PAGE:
Alfentanil While Pregnant: What You Need to Know

Is It Safe to Take Alfentanil While Pregnant?

Alfentanil is a powerful, synthetic opioid analgesic or pain medication. It’s an analog of fentanyl, which is 100 times more potent than fentanyl. Alfentanil is most commonly used as a surgical anesthetic because of its potency and because it starts working quickly. Alfentanil can cause respiratory depression and, even during medical procedures, the patient has to be monitored to ensure they don’t reach a point of danger. Alfentanil is classified as a Schedule II drug in the U.S., which highlights the addictive nature of this drug. Schedule II drugs are controlled substances that are only intended to be used in certain medical situations. Despite the restrictions, opioids like alfentanil can be and often are diverted from medical use and abused. The abuse of prescription opioids and opioids like heroin has grown exponentially in the past decade. Hundreds of people die from opioid overdoses every day. There is also an increasing number of pregnant women who report using opioids. They may be using opioids because they’re prescribed them or they are purchasing them on the streets. Regardless, opioids can cause complications and increase the risk of certain birth defects.

Is it safe to take alfentanil while pregnant? The answer is no. It’s not safe to take any opioid during pregnancy. However, if a woman is dependent upon opioids and she becomes pregnant, she should not just suddenly stop since this could result in further complications. If a woman is dependent upon opioids and she stops suddenly taking them during pregnancy, placental abruption may occur. This can cause serious bleeding and potential maternal and fetal death. Stopping suddenly or “cold turkey” can also cause a miscarriage. The best option is to talk with your healthcare provider if you’re using opioids like alfentanil and you become pregnant.

Alfentanil While Pregnant: What You Need to Know

Using alfentanil can be harmful to your baby. The Centers for Disease Control (CDC) found that a number of birth defects are related to the use of opioid pain medications during pregnancy. Spina bifida is more likely to occur, which is a neural tube defect. Hydrocephaly, a buildup of fluid in the brain, may occur as can glaucoma. Babies born to mothers who use opioids may have gastroschisis, which is a defect of the wall of the abdomen, or a variety of congenital heart defects. Possible congenital heart defects include pulmonary valve stenosis and atrial septal defect. Other risks include stunted growth, preterm labor, and neonatal abstinence syndrome (NAS).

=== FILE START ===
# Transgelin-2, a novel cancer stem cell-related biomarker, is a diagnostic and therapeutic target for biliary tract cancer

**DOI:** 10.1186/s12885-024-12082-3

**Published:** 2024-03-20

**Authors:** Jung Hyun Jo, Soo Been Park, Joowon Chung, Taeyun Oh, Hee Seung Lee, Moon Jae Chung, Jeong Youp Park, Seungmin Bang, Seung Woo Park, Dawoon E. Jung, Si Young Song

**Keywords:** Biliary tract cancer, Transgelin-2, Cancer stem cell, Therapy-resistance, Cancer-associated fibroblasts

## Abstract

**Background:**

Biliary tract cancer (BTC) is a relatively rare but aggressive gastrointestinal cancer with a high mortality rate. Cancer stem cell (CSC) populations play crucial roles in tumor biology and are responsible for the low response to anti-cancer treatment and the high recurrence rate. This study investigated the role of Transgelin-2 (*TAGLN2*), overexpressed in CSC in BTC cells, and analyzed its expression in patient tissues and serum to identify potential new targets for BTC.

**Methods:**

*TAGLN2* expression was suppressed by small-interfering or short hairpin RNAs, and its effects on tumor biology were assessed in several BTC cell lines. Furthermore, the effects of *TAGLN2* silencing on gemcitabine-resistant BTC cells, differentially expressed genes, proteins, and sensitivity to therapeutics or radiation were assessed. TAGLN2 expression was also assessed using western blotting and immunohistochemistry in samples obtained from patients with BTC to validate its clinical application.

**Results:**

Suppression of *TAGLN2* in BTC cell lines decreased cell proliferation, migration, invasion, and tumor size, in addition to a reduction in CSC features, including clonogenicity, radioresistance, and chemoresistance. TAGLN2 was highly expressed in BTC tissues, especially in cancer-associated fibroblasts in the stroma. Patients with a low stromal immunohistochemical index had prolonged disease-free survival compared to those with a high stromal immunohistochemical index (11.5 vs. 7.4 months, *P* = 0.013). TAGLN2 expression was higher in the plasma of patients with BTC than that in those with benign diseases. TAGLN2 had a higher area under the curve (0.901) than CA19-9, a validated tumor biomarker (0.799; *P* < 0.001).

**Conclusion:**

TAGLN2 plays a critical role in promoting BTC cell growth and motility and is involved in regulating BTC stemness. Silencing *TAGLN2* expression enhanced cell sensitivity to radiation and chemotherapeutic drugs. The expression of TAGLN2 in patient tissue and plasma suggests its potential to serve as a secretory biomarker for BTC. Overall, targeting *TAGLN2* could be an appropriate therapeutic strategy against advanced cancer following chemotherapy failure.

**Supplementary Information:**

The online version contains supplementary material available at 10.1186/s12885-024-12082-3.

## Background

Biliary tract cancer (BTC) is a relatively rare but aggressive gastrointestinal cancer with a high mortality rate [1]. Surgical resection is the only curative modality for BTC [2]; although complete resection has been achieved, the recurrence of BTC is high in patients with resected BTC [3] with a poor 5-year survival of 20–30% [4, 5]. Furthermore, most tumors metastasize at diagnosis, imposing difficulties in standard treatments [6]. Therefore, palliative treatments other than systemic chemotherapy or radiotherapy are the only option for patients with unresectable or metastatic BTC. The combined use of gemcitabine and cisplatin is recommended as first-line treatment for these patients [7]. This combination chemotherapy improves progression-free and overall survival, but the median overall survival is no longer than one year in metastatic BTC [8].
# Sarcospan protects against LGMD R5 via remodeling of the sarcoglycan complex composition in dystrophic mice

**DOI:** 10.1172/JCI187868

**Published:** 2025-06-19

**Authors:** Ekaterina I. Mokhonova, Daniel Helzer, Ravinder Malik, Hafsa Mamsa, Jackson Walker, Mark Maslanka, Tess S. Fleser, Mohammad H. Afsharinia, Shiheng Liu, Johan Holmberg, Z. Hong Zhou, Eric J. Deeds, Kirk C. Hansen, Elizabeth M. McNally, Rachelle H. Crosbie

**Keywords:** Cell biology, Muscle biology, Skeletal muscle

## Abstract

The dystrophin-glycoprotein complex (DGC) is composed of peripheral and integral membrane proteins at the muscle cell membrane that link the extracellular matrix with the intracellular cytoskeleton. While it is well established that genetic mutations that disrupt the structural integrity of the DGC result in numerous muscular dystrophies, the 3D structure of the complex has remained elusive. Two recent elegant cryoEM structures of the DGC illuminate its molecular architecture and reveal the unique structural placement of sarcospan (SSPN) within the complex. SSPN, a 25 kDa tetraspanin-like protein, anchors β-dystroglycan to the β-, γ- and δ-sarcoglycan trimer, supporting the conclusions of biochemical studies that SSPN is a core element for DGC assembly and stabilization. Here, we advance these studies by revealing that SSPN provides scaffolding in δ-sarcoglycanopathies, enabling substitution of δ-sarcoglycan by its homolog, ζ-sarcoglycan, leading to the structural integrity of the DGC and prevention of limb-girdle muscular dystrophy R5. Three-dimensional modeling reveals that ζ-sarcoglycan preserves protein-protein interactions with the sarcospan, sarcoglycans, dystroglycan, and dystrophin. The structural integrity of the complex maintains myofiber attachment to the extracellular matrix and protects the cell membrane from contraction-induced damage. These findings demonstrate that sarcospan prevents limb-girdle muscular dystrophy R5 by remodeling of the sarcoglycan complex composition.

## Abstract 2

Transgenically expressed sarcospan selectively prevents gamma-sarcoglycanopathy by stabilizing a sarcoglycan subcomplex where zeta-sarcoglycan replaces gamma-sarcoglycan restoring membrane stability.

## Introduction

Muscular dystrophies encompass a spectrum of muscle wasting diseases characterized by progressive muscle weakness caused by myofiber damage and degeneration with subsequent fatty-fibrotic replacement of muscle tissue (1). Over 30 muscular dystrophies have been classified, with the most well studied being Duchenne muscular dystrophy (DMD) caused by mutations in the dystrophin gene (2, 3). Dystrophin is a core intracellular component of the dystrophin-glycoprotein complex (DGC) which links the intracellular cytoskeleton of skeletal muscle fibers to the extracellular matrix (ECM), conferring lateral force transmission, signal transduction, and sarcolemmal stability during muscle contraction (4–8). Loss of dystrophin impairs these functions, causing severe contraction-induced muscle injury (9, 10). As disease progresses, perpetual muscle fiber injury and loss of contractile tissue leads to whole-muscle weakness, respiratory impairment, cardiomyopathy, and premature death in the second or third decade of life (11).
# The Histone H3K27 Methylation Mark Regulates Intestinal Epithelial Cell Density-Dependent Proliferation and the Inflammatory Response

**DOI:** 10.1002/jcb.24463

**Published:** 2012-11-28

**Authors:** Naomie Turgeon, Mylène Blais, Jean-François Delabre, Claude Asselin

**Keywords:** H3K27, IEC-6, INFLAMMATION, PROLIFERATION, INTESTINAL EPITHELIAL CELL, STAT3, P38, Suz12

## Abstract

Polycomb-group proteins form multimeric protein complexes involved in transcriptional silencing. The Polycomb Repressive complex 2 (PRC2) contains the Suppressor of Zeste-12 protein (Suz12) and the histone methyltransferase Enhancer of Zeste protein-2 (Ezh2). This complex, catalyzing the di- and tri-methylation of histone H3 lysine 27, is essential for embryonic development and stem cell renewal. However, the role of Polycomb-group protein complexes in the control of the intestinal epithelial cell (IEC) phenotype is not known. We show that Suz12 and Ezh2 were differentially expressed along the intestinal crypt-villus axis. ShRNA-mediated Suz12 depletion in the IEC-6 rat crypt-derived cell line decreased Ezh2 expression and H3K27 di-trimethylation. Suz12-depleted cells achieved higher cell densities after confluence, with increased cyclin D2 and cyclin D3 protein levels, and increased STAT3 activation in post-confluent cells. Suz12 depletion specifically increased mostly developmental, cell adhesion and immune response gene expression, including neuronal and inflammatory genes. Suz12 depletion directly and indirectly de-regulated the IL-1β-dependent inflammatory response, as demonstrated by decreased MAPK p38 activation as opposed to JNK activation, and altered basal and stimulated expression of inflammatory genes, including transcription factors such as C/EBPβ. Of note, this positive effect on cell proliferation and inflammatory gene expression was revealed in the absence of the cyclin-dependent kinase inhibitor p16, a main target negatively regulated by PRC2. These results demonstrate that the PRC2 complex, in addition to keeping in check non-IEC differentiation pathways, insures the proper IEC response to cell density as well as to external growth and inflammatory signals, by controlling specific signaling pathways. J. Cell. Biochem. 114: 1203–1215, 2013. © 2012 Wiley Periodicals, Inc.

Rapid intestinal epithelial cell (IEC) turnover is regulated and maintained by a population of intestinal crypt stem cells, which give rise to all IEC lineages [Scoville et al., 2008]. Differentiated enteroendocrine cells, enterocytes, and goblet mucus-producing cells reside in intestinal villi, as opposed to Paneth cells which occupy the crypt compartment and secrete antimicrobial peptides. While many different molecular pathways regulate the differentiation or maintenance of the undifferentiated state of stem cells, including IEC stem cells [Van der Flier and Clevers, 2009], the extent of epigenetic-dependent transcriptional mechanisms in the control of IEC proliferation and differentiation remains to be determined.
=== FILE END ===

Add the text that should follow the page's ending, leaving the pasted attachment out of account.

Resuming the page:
There are indirect risks to a mother and her unborn baby when the use of opioids like alfentanil is involved. Women who are using opioids may be less likely to receive the prenatal care they need, and they may have nutritional deficits. There are increased risks for infections such as HIV, and there can be dangers related to drug-seeking such as violence or criminal issues.

NAS refers to a situation in which a baby is exposed to opioids like alfentanil while in the womb. As a result, the baby is born dependent upon opioids. The incidence of NAS increased almost five times between 2000 and 2012, which is believed to be linked to the increasing rates of opioids prescribed to pregnant women. NAS can cause symptoms that range from mild to severe. Possible NAS symptoms related to opioid use during pregnancy include:

  • Tremors, seizures and twitching
  • Tight muscles
  • Fussiness, irritability or extreme crying
  • Breathing problems
  • Problems sleeping
  • Excessive yawning
  • Diarrhea
  • Vomiting
  • Sneezing
  • Problems feeding or sucking
  • Poor weight gain

If a baby is believed to have symptoms of NAS, they will usually receive treatment in the newborn intensive care unit (NICU). Treatment may need to include opioid maintenance medications like methadone. The baby can then gradually be weaned off of the drugs. Treatment will also include a focus on hydration, nutrition and healthy weight gain. It can take just a few days for symptoms of NAS to subside, or much longer.

Sometimes when women are taking alfentanil or another opioid and they become pregnant, they’re afraid to tell their healthcare providers. They may be worried about stigma, or the risk of criminal consequences. Even though it may be difficult, the best thing to do is to be open and honest you’re your healthcare provider about your use of opioids. There are options available. For some women, their healthcare provider may be able to work with them to gradually and safely help them stop using opioids. Addiction treatment may be an option, as well as a medically-supervised detox. Medication-assisted treatment with the use of drugs like methadone or buprenorphine may be an option as well.

To learn more about addiction treatment and recovery, during pregnancy or otherwise, reach out to our expert, compassionate team at The Recovery Village.

Medical Disclaimer: The Recovery Village aims to improve the quality of life for people struggling with a substance use or mental health disorder with fact-based content about the nature of behavioral health conditions, treatment options and their related outcomes. We publish material that is researched, cited, edited and reviewed by licensed medical professionals. The information we provide is not intended to be a substitute for professional medical advice, diagnosis or treatment. It should not be used in place of the advice of your physician or other qualified healthcare provider.